The law of sex discrimination has long suffered under the problem of distinguishing between discrimination based on sex and discrimination based on sexual orientation.
Twenty-two states and the District of Columbia, as well as over one hundred municipalities, have laws prohibiting discrimination in the housing market on the basis of sexual orientation. Those jurisdictions include California, Colorado, Connecticut, Delaware, the District of Columbia, Hawai‘i, Illinois, Iowa, Maine, Maryland, Massachusetts, Minnesota, Nevada, New Hampshire, New Jersey, New Mexico, New York, Oregon, Rhode Island, Utah, Vermont, Washington, and Wisconsin. Congress has so far refused to pass a statute prohibiting sexual orientation discrimination in housing, employment, and public accommodations.
Federal fair housing law does not facially prohibit sexual orientation discrimination but it does prohibit discrimination on the basis of sex. So far courts have not accepted the argument that sexual orientation discrimination is a form of sex discrimination. Christiansen v. Omnicom Group, Inc., 2016 WL 951581 (S.D.N.Y. 2016) (citing Simonton v. Runyon, 232 F.3d 33 (2d Cir. 2000) (“Title VII does not proscribe discrimination because of sexual orientation”). However, the Equal Employment Opportunity Commission (EEOC) has ruled that an employer engaged in sex discrimination if it refused to employ a person in a position because he was gay. Baldwin v. Foxx, EEOC OC 0120133080, 2015 WL 4397641 (E.E.O.C. 2015). The Supreme Court has also held that it is sex discrimination to refuse to promote a woman because she is too “masculine” or does not fit female gender stereotypes. Price Waterhouse v. Hopkins, 490 U.S. 228 (1989). It would seem to be a gender stereotype to assume that men should only have male sexual partners or attraction. Moreover, refusing to rent an apartment to a white woman because her boyfriend is African-American is clearly race discrimination experience by the white woman.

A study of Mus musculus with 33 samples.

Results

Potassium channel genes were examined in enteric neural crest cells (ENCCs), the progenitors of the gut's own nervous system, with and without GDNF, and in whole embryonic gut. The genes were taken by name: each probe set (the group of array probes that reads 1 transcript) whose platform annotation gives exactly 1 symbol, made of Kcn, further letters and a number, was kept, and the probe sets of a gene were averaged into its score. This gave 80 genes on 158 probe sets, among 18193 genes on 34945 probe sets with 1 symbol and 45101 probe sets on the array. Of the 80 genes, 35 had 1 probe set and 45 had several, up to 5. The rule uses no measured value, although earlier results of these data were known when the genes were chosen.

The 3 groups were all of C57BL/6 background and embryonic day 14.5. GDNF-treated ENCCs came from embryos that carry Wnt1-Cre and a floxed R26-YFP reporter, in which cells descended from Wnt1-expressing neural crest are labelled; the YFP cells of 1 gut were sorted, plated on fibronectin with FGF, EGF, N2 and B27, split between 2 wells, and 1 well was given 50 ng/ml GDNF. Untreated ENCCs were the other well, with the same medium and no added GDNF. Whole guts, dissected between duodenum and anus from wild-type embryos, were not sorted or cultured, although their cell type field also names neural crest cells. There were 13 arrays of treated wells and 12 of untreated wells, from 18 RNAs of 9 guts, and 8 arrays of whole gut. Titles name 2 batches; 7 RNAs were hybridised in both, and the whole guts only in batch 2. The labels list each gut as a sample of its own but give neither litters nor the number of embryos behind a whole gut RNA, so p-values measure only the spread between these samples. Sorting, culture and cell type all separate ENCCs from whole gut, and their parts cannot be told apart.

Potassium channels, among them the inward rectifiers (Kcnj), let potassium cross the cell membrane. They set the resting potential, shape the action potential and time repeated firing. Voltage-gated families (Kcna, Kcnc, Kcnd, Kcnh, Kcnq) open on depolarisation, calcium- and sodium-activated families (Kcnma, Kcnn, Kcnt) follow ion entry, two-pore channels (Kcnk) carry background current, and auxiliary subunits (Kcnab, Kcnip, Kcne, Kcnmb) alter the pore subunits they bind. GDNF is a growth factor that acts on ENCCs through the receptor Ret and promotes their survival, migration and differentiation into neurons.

The Seventh Circuit recently held that sexual orientation discrimination in employment is not prohibited by Title VII of the Civil Rights Act of 1964 even though that statute does prohibit discrimination based on gender stereotypes. Hively v. Ivy Tech Cmty. Coll., 2016 U.S. App. LEXIS 13746 (7th Cir. 2016). Feeling bound by its own precedent, the court refused to recognize sexual orientation discrimination as a kind of sex discrimination. At the same time, the court criticized its own reasoning and suggested that the distinction made no sense, praised the reasoning in Baldwin v. Foxx, and intimated that it would find sexual orientation to be a form of sex discrimination if it were not bound by its own precedent. The court noted, for example:
"Discrimination against gay, lesbian, and bisexual employees comes about because their behavior is seen as failing to comply with the quintessential gender stereotype about what men and women ought to do—for example, that men should have romantic and sexual relationships only with women, and women should have romantic and sexual relationships only with men. In this way, almost all discrimination on the basis of sexual orientation can be traced back to some form of discrimination on the basis of gender nonconformity." Id. at *19.